This book is committed to two main propositions, one general and one more particular.
Trauma has become a burning topic in Western cultures of late. Traumatic events and debates over how they are remembered by individuals and memorialised by cultures are important for lots of different constituencies.
The work under review here owes its genesis to the Open University course of the same title, for which it is the core text. As such, it consists of ten interlinked essays, specially commissioned, on the broad theme of the dynamics of difference within and between world religious traditions.
This book can be viewed in several ways. Each of its ten chapters by a different author deals with a discrete topic (women, gender, public opinion, photography and food supply) without any pretence of thematic unity.
'It is not necessary to be dull to write about history', Ged Martin remarks (p. 8). One suspects that many historians would add, 'but it helps'. This book is a wonderful antidote to that excessive seriousness. The style is crisp, paradox and aphorism abound – 'historians love paradoxes', Martin says (p.
The subject of ‘film and history’ has come a long way since the publication of the pioneering The Historian and Film in 1976. In the 1970s historians were preoccupied with the value of film as a primary source for the study of contemporary history, for which reason much of the early work focused on newsreels and documentary films.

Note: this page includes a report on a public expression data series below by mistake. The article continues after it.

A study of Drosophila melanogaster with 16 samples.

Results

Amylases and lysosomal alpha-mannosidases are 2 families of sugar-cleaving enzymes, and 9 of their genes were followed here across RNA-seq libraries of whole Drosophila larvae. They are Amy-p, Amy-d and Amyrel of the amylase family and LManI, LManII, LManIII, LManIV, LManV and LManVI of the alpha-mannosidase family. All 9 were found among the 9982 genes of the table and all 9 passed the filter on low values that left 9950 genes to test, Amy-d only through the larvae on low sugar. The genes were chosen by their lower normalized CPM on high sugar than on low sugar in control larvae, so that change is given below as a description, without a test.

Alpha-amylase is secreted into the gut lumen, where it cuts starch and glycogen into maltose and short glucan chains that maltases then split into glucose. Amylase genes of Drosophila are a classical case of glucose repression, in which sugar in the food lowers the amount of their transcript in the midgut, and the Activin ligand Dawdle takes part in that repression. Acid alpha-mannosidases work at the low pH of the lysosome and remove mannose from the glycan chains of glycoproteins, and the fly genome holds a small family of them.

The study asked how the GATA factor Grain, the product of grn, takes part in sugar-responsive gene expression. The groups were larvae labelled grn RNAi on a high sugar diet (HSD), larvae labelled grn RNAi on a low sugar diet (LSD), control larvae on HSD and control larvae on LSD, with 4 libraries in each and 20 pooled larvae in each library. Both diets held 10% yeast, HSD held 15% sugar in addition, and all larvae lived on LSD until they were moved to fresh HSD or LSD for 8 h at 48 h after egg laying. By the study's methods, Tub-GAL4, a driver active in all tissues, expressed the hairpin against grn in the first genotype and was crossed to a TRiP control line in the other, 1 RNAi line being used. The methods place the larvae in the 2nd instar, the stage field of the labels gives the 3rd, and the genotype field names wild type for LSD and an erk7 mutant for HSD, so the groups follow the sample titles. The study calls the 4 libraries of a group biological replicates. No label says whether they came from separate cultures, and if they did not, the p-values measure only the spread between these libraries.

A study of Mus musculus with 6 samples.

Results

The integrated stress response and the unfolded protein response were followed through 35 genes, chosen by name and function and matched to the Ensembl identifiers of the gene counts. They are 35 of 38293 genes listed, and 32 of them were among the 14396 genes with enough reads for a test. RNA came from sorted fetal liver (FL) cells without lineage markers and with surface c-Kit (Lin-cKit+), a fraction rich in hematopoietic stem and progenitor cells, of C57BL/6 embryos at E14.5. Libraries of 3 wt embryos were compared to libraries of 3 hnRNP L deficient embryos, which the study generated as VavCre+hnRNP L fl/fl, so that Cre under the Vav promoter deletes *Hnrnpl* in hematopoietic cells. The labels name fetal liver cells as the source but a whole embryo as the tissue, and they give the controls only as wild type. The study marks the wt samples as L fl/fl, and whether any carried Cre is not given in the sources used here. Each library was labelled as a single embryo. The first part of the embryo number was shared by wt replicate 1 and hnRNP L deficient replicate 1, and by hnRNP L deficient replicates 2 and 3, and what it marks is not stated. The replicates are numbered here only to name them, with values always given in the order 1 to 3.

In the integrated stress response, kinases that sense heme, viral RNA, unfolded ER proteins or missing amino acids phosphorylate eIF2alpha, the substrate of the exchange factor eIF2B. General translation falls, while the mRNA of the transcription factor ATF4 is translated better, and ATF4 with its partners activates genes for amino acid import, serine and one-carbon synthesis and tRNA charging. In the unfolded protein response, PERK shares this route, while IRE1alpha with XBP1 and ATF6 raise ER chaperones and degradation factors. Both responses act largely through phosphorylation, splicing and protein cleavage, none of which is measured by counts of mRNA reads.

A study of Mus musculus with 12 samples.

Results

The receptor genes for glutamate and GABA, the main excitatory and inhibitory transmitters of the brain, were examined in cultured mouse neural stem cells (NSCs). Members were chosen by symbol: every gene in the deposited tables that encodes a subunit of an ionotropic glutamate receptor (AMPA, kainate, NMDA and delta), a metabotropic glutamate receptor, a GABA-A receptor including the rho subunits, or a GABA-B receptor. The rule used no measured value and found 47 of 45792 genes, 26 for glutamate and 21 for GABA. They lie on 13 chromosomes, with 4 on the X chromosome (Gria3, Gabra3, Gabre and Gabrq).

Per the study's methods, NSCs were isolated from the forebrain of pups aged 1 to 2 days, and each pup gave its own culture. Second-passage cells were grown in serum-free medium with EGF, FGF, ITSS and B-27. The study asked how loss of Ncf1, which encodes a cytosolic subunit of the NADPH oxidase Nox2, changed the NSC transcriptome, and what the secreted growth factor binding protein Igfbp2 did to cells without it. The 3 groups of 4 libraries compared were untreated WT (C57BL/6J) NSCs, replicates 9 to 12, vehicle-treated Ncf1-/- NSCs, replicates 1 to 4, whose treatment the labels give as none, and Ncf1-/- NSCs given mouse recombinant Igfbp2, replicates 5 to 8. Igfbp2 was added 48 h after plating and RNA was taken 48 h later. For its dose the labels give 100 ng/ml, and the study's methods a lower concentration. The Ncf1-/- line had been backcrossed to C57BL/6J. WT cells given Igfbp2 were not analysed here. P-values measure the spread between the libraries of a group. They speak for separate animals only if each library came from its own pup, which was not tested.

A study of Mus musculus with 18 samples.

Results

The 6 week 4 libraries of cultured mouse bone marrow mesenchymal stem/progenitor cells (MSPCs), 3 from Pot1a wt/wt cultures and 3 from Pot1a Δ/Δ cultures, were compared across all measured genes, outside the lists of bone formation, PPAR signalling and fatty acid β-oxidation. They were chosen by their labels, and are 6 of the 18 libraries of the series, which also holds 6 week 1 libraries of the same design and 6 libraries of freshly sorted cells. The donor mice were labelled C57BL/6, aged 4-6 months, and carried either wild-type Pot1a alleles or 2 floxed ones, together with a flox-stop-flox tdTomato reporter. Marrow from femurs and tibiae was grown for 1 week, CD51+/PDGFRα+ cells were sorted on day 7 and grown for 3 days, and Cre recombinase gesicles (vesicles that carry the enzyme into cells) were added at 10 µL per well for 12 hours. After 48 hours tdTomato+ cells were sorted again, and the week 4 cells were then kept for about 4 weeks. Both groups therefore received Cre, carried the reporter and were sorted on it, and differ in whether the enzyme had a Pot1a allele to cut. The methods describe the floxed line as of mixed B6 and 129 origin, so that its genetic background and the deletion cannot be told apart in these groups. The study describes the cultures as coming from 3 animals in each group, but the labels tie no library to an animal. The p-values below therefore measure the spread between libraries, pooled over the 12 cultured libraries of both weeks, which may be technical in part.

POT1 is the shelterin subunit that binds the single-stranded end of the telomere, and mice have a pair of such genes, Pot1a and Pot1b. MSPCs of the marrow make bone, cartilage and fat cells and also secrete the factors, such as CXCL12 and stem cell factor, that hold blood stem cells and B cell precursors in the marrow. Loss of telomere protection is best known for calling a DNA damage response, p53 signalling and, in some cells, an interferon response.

The first principle of understanding history, I was taught, is to sympathize with the historical actors, to immerse oneself in their context and perspective.(1) Otherwise, history becomes a fabricated reconstruction – more about the writer's ideology than the events of the past.
Reading an edited collection of articles can be likened to dining out on a tasting menu: you’re afforded the opportunity to sample broadly but portions can sometimes be relatively puny. A standard serving, like a monograph, provides bulk whereas essays may fire up your appetite yet fail to satiate your hunger.
Edward Hallett Carr's contribution to the study of Soviet history is widely regarded as highly distinguished. In all probability very few would argue against this assessment of his multi-volume history of Soviet Russia. For the majority of historians he pretty much got the story straight.
The writing of history – any history – is shaped by the intellectual environment in which it is written, and by the preoccupations of its writers. As Christopher Tyerman acknowledges in his prefatory remarks, ‘writing history is not a neutral revelation but a malleable, personal, contingent, cultural activity’ (p. xi).